Doha contender: Sam Stosur


Originally published on: 21/10/10 10:13

Age: 26 (March 30 1984)
Birthplace: Brisbane, Australia
WTA ranking: No.8
Qualified: 6th
Season best: Winner – Charleston Runner-Up – Stuttgart, Roland Garros
Season win/loss record: 45-17
Prize money (2010): $1,790,340
Record vs. top eight: Caroline Wozniacki 2-2; Vera Zvonareva 5-2; Kim Clijsters 0-4; Francesca Schiavone 4-2; Jelena Jankovic 2-3; Elena Dementieva 2-4; Victoria Azarenka 0-4
2010 Grand Slam record: Australian Open R16; Roland Garros RU; Wimbledon R128; US Open QF
WTA Championship best: Making first singles appearance; doubles champion in 2005 and 2006

Season review: Formally recognised as a doubles specialist, the Australian has made huge strides in singles and after three final appearances this year – one of those at a Grand Slam – she is now firmly established in the top 10.

Stosur had a real breakthrough on the singles circuit last year, converting from a solid top 50 player to a prospering top 20 competitor. But come 2010, Stosur had a chance to fully assert herself among the world’s elite, and she duly did.

The former doubles world No.1 made a positive start to the season, reaching the last 16 of her home slam before she was taken out in clinical fashion by eventual-champ Serena Williams.

Consistency had long been a problem for the girl from the Gold Coast, but from March onwards the Aussie found her groove. She made the semis in Indian Wells and the quarters in Miami, with the latter including impressive victories over Vera Zvonareva and Jelena Jankovic.

In Charleston, Stosur proved her worth on clay, securing her second career singles title after defeating Zvonareva 6-0 6-3.

The winning momentum on the red stuff continued in Stuttgart, where she reached the final before losing to Justine Henin, following up with a quarter-final run at the ‘Magic Box’ in Madrid.

With queen of clay Henin struggling to hit top gear, Stosur was a decent bet for the French Open title, especially after making the last four in 2009. But the draw was far from kind, with four-time champ Justine Henin her fourth round opponent. But though the Belgian was on a 24-match winning streak at Roland Garros, the Aussie proved unfazed, finishing off the former world No.1 2-6 6-1 6-4.

Serena Williams was her quarter-final test, but once again Stosur held firm, defeating the 2002 champ 6-2 6-7(2) 8-6. After those tests, you could forgive her for flagging in the semis, but instead Stosur romped to a 6-1 6-2 victory over Jelena Jankovic.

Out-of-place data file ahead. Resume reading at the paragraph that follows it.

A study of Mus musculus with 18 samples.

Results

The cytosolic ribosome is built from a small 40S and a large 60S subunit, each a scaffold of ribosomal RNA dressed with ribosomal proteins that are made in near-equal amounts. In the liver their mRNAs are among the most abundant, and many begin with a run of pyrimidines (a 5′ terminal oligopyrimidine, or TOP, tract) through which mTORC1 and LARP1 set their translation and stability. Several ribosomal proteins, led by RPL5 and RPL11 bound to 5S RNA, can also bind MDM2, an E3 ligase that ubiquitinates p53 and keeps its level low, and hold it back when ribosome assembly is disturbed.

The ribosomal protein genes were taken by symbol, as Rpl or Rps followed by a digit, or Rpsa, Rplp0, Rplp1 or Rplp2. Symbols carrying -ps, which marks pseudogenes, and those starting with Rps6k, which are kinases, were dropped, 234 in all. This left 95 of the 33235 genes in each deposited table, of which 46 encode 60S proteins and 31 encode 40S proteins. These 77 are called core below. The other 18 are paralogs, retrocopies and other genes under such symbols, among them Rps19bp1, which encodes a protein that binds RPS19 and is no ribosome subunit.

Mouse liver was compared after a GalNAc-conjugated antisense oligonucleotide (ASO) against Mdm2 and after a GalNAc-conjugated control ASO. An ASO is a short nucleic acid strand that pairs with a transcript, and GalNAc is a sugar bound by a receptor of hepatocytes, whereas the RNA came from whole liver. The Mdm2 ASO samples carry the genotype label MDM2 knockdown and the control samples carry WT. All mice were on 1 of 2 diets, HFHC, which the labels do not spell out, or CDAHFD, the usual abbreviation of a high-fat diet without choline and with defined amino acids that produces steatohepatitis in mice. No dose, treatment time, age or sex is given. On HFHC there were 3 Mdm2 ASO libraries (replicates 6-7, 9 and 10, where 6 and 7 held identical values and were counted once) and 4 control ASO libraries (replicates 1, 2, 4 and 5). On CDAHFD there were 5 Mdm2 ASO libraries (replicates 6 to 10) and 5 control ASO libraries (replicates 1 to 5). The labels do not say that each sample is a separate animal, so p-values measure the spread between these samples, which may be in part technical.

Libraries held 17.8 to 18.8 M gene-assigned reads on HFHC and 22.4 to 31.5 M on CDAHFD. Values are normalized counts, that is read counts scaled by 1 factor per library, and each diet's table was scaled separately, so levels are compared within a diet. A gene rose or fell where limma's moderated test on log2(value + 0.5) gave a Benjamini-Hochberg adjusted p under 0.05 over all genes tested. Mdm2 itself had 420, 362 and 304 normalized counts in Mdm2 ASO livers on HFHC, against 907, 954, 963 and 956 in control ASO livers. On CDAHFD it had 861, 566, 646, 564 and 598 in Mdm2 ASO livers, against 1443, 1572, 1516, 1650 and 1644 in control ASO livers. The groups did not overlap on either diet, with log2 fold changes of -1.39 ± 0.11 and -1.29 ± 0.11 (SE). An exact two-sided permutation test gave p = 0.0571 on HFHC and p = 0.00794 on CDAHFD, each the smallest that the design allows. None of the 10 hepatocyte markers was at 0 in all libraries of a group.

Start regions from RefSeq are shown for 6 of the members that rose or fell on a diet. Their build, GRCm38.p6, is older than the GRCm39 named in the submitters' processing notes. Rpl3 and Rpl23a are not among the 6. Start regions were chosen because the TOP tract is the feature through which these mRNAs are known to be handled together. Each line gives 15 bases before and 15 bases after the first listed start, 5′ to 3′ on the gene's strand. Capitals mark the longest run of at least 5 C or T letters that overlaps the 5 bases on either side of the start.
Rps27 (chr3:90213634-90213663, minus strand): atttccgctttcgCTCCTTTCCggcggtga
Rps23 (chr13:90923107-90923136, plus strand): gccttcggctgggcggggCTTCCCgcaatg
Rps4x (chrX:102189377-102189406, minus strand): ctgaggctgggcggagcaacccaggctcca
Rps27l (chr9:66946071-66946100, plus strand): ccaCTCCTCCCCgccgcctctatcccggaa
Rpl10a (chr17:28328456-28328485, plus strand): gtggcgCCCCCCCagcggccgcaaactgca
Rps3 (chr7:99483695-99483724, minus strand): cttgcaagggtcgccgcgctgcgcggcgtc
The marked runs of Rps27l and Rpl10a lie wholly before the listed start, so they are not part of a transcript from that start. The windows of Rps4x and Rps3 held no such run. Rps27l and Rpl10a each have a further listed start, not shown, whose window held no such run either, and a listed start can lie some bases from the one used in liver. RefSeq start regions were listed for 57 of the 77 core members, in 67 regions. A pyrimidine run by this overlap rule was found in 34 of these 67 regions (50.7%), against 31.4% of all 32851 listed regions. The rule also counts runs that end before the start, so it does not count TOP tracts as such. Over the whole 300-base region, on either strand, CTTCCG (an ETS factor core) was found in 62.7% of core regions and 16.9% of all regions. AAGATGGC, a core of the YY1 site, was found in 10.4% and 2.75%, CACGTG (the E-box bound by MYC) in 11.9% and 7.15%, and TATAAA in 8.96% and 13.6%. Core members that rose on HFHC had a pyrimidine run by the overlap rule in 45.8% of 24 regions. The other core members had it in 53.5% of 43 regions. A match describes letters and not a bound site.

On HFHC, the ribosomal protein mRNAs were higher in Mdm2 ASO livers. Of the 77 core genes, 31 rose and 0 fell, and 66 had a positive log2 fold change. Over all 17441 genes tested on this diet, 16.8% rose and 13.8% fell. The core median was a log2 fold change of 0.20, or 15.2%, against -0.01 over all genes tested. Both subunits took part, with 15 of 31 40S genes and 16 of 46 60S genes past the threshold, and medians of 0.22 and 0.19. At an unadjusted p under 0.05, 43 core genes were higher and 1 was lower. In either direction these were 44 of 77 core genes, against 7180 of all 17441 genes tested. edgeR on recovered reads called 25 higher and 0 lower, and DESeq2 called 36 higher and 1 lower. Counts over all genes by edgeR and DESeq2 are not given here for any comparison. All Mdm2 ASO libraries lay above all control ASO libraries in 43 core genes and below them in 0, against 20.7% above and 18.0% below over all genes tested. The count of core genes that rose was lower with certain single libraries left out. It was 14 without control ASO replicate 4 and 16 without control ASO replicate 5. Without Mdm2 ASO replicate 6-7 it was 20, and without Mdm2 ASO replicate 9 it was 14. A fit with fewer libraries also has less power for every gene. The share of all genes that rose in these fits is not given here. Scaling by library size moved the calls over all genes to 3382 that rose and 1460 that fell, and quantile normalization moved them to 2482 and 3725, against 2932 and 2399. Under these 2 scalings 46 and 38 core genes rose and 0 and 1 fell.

In the final, with the pressure loaded on the 26-year-old, Stosur was unable to clinch a maiden Grand Slam singles title as 17th seed Francesca Schiavone sealed a surprise 6-4 7-6(2) triumph.

Stosur got straight back to it on her least favourite surface, making the semi-finals on the grass of Eastbourne. She hurried through the rest of the grass season, slumping out of Wimbledon in round one to eventual quarter-finalist Kaia Kanepi.

Back on the hard courts, her consistency returned, and Stosur notched up solid results in Stanford, San Diego and New Haven, where she reached at least the quarter-finals in all three.

Come the US Open, Stosur was again considered an outside bet, and though she survived a scare against Elena Vesnina in the first round, her game began to flow. After coming through a tight three-setter with Elena Dementieva, she was eventually stopped by Kim Clijsters in a terrific match on Arthur Ashe.

The run sealed her a spot in her first end-of-season championships as a singles competitor, before her recent quarter-final loss to 40-year-old Kimiko Date-Krumm in Osaka.

Last year’s WTA Championships:

Stosur on Doha:
“I’m thrilled to make the WTA Championships in Doha,” said Stosur. “I’ve been there a few times for doubles, so to qualify in singles is very exciting. It’s always been a goal of mine to achieve this. It’s a privilege for me to compete against the best in the world.”

Twice a winner in the doubles (with Lisa Raymond), Stosur will have to go it alone in her attempts to add to that collection. Despite slumping at the end of the season, the Aussie is sure to raise her game again and get back to the consistent level that has brought her such success in 2010.


Tim Farthing, Tennishead Editorial Director & Owner, has been a huge tennis fan his whole life. He's a tennis journalist and entrepreneur as well as playing tennis to a national standard. He also helps manage his local club and volunteers for his local tennis organisation. He's a specialist in content about the administration of professional tennis and tennis coaching for all levels.